Energy Efficiency is the most important first step to improving human and environmental health, air quality, and your bottom line. Healthcare organizations spend over $6.5 billion on energy each year currently, and that amount is escalating to meet patient needs.
There are many opportunities to improve your buildings’ energy performance. From sub-metering individual buildings, to cost effective upgrades such as lighting, heating and cooling systems, or the installation of “smart labs,” energy management can generate significant savings.
Every $1 a non-profit healthcare organization saves on energy is equivalent to generating $20 in new revenues for hospitals or $10 for medical offices. For-profit hospitals, medical offices, and nursing homes can increase their earnings a penny per share by reducing energy costs just 5 percent.
As examples, New York Presbyterian Hospital (NYPH) set and implemented rigorous energy savings targets and projects since 2003, which has resulted in approximately $1.77 million in annual savings. Providence Health and Services, a Seattle-based healthcare system serving the Pacific Northwest and Southern California, embedded energy management into their organizational structure by establishing a corporate Office of Energy Management. Their energy savings have increased from $700,000 in 2003 to $3.4 million in 2006.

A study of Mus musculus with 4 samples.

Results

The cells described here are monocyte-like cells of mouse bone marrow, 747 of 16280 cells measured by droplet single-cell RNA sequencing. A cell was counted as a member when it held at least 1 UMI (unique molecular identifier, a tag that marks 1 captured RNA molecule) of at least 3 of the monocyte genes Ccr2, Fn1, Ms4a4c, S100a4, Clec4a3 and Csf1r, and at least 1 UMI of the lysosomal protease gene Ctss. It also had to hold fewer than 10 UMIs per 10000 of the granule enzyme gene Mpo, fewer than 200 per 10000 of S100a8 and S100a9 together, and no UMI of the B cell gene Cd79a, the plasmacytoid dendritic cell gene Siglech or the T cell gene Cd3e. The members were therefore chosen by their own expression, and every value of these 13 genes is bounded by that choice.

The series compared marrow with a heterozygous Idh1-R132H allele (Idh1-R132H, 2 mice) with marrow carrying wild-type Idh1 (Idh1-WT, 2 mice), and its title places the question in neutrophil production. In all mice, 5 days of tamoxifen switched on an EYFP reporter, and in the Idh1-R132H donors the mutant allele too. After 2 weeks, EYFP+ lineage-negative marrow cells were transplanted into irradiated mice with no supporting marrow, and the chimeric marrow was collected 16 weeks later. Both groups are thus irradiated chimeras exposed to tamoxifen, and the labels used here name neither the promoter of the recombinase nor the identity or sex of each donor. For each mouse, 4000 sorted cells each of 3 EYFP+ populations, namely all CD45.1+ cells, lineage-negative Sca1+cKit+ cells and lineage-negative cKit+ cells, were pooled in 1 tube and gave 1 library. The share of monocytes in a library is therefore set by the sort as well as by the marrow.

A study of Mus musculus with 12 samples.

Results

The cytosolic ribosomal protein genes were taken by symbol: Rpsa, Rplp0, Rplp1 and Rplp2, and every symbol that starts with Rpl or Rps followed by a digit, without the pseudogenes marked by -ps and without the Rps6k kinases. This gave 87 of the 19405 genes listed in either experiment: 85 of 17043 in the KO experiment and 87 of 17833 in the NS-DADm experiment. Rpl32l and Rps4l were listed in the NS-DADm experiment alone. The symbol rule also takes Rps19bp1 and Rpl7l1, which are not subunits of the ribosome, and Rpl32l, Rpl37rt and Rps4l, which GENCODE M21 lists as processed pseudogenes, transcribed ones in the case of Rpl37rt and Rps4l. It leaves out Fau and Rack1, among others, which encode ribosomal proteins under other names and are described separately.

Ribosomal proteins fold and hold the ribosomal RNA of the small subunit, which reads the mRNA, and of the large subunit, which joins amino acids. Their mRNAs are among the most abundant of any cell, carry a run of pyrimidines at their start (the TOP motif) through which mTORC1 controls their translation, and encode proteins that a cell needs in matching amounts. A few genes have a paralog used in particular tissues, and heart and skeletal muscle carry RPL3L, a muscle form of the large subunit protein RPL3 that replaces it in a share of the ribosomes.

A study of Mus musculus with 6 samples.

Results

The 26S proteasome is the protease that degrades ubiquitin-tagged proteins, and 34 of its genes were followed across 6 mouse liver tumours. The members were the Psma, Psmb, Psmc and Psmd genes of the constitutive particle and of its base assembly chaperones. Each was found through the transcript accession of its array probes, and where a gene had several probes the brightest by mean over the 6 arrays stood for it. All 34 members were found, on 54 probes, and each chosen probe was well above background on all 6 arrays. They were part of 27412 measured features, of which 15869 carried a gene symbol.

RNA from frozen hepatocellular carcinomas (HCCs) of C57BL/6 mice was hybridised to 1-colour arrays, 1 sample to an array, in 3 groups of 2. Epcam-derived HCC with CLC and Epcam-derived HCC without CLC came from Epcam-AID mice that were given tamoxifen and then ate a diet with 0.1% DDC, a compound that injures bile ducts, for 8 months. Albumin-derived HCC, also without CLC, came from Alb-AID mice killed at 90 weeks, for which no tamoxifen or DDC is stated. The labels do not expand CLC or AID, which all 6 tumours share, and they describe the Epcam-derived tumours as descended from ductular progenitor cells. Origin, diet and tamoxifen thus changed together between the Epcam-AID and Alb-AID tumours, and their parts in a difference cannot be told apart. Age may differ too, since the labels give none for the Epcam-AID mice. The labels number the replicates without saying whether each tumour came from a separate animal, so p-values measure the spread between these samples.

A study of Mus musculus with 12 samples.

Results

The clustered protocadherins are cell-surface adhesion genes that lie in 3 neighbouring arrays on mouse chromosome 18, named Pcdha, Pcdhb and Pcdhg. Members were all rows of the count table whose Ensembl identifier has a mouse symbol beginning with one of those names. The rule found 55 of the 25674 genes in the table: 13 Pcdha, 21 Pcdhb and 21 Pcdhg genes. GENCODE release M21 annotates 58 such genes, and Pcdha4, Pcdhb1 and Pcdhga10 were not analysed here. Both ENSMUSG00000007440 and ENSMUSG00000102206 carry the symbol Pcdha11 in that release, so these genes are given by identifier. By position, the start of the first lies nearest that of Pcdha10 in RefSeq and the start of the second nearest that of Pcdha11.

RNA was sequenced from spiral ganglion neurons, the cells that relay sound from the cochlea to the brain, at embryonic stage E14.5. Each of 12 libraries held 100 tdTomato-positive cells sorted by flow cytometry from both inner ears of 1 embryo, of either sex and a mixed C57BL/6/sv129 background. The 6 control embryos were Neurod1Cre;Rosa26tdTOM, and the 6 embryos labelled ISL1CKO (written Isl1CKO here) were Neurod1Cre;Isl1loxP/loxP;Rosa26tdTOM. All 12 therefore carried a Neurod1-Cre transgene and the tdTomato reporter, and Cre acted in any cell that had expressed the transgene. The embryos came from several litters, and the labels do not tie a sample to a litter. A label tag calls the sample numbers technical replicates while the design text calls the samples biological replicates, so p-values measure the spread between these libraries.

To learn more about how you can track, analyze, and manage your energy performance, EPA has put together an Energy Star Portfolio Manager that helps you track water consumption, gas emissions, and more. When you add your buildings to the Portfolio Manager, you’ll be joining 40 percent of U.S. commercial building space that’s already benchmarked in Portfolio Manager — making it the industry-leading benchmarking tool.
Health Care Without Harm (HCWH)’s research paper, Healthy Hospitals, Healthy Planet, Healthy People: Addressing Climate Change in Health Care Settings, defines a seven-point framework to creating a climate-friendly hospital.